But the greatest field for imitation is theatricals, and here it is of the very worst species. The beauties of a great actor are never attempted to be copied; they are too difficult; but any unfortunate peculiarity or bad and vicious habit is seized upon with avidity and fondly cherished. Because John Kemble was troubled with an asthmatic complaint, all the Rollas, Catos, and Hamlets that came for some time after him were likewise troubled with asthma, and a short. dry cough; with Macready came the almost ridiculous stateliness of gesture and fastidious arrangement of the garments, without any of his fine qualities; and Kean's fame has

been the means of introducing many a young man on the stage, who could do nothing but imitate those little Keanisms and physical defects which occasionally disfigured his beautiful intellectual acting. A would-be vocalist, with the voice of a raven, thinks himself a good deal like Braham, because in singing he can hold his hat precisely as he does, and has succeeded in catching a few of that gentleman's peculiarly awkward gestures. Talking of singing—is the prevailing admiration of Italian music and performances counterfeit or real, or a little of both? Is it in imitation of the English who imitate the French in this respect, or is it a genuine indigenous feeling? The Italian is a noble school of music, and it would be gratifying to perceive a gradual relish for it; but it is apt to create mistrust to see the exuberance of admiration expressed for it all of a sudden by a large party of people, nineteentwentieths of whom are neither familiar with the music nor the language; and we are afraid there is some truth in the anecdote now whispered round the city, of a party of musical cognoscenti having been thrown into a fit of enthusiasm by what they supposed to be an Italian gentleman's manner of giving a composition of Cimarosa’s, but which, words and air, eventually turned out to be a genuine Welch ditty, howled out by one T'affy ap Shen

kin, of Glamorganshire ! Certain it is, that many things pass off with great eclat when sung in a foreign language by signors, signoras, or signorinas, which would sound vilely from the mouth of plain Mr. Jobson, Mrs. Brown, or Miss Dobbs. The blunt tradesman had really some reason to be asto nished when on inquiring if “signorina" did not literally mean in Italian "great singer," he was given to understand that it was merely equivalent to the simple English word “Miss." We recollect a gentleman of the name of Comer, formerly of this city, who used to sing an Italian air with American words to it—“ When the banners of freedom are waving"—without producing any marked effects ; but no sooner did the same gentleman replace the Italian words, “Non piu andrai," than it was in. stantly recognised as something extremely fine, and vociferously encored. Now, without meaning to undervalue worthy foreigners who reach these shores, it is probable that there is no small quantity of affectation in the admiration expressed for them, and that the majority applaud without having any definite idea on the subject, in imitation of the few who are supposed to know. Such foreigners are, at the same time, both overrated and not sufficiently appreciated—overrated as a whole, and not appreciated in detail, for what is really meritorious. Our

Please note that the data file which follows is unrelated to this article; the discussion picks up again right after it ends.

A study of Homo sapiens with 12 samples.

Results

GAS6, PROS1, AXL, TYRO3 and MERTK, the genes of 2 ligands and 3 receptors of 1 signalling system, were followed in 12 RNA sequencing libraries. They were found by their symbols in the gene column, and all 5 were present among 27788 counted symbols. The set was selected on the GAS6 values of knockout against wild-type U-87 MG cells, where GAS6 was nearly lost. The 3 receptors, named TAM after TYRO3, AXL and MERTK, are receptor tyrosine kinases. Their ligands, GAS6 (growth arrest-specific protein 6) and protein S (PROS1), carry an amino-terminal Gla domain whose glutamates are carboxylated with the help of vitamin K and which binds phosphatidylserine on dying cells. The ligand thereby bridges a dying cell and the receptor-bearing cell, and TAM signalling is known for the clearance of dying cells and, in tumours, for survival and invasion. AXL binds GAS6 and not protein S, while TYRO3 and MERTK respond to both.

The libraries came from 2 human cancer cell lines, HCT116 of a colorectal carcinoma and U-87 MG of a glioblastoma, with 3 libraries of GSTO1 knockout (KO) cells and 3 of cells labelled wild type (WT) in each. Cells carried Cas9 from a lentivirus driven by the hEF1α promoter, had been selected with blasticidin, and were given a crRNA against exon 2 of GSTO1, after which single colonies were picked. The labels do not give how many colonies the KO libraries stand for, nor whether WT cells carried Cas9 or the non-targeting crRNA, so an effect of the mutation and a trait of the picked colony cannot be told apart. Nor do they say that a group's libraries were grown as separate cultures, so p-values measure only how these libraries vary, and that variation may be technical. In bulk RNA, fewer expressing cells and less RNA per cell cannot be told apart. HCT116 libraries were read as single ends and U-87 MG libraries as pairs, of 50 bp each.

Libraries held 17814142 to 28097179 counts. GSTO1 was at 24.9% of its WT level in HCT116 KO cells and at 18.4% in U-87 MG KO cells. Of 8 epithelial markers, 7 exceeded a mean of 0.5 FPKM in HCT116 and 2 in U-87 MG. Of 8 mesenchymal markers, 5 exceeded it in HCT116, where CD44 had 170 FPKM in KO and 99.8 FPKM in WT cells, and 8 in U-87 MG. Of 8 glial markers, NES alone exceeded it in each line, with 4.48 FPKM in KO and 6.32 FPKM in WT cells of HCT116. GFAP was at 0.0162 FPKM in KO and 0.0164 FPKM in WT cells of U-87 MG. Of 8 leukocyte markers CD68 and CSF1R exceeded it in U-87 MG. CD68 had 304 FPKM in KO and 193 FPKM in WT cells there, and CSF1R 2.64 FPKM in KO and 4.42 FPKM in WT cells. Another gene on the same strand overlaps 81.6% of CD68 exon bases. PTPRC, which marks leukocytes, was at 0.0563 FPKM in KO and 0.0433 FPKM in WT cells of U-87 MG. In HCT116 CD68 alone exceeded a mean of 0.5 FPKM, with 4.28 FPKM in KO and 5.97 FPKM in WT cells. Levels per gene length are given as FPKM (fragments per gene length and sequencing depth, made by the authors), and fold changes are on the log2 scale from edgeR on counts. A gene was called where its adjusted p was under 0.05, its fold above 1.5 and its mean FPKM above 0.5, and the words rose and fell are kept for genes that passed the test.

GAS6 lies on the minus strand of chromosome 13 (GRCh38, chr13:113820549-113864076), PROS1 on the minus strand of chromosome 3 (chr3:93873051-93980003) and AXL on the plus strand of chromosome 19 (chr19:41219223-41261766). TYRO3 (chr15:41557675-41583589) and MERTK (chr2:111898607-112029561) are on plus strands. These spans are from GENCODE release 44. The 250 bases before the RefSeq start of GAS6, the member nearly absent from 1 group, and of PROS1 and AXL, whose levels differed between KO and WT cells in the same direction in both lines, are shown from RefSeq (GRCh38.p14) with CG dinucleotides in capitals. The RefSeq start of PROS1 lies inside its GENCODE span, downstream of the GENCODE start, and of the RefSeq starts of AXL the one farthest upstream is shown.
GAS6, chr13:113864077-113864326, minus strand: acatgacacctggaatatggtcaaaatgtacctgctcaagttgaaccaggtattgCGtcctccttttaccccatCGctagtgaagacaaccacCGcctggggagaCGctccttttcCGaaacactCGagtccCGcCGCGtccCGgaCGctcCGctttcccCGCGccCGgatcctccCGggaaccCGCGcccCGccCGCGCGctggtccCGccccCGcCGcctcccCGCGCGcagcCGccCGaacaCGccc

harsh northern dialect may not be so well adapted to musical composition as that of the "sweet south," but it does not follow that every Italian composition and singer must of necessity be superlatively fine; and allowing our general inferiority, a song in a language which a man understands, will always, affectation aside, be more grateful to his ear than the mere tinkle of soft sounds. The one, indeed, goes no further than the ear, while the other, through the medium of the understanding, reaches the heart, and any song that does so is worth twenty others that do not. If people would take the trouble to consult their own judgments, feelings, and common sense on such subjects, instead of being carried away by vague ideas and learned-looking words, they would find it to their interest; as it is, they let others inoculate them with opinions which in time they come to believe their own.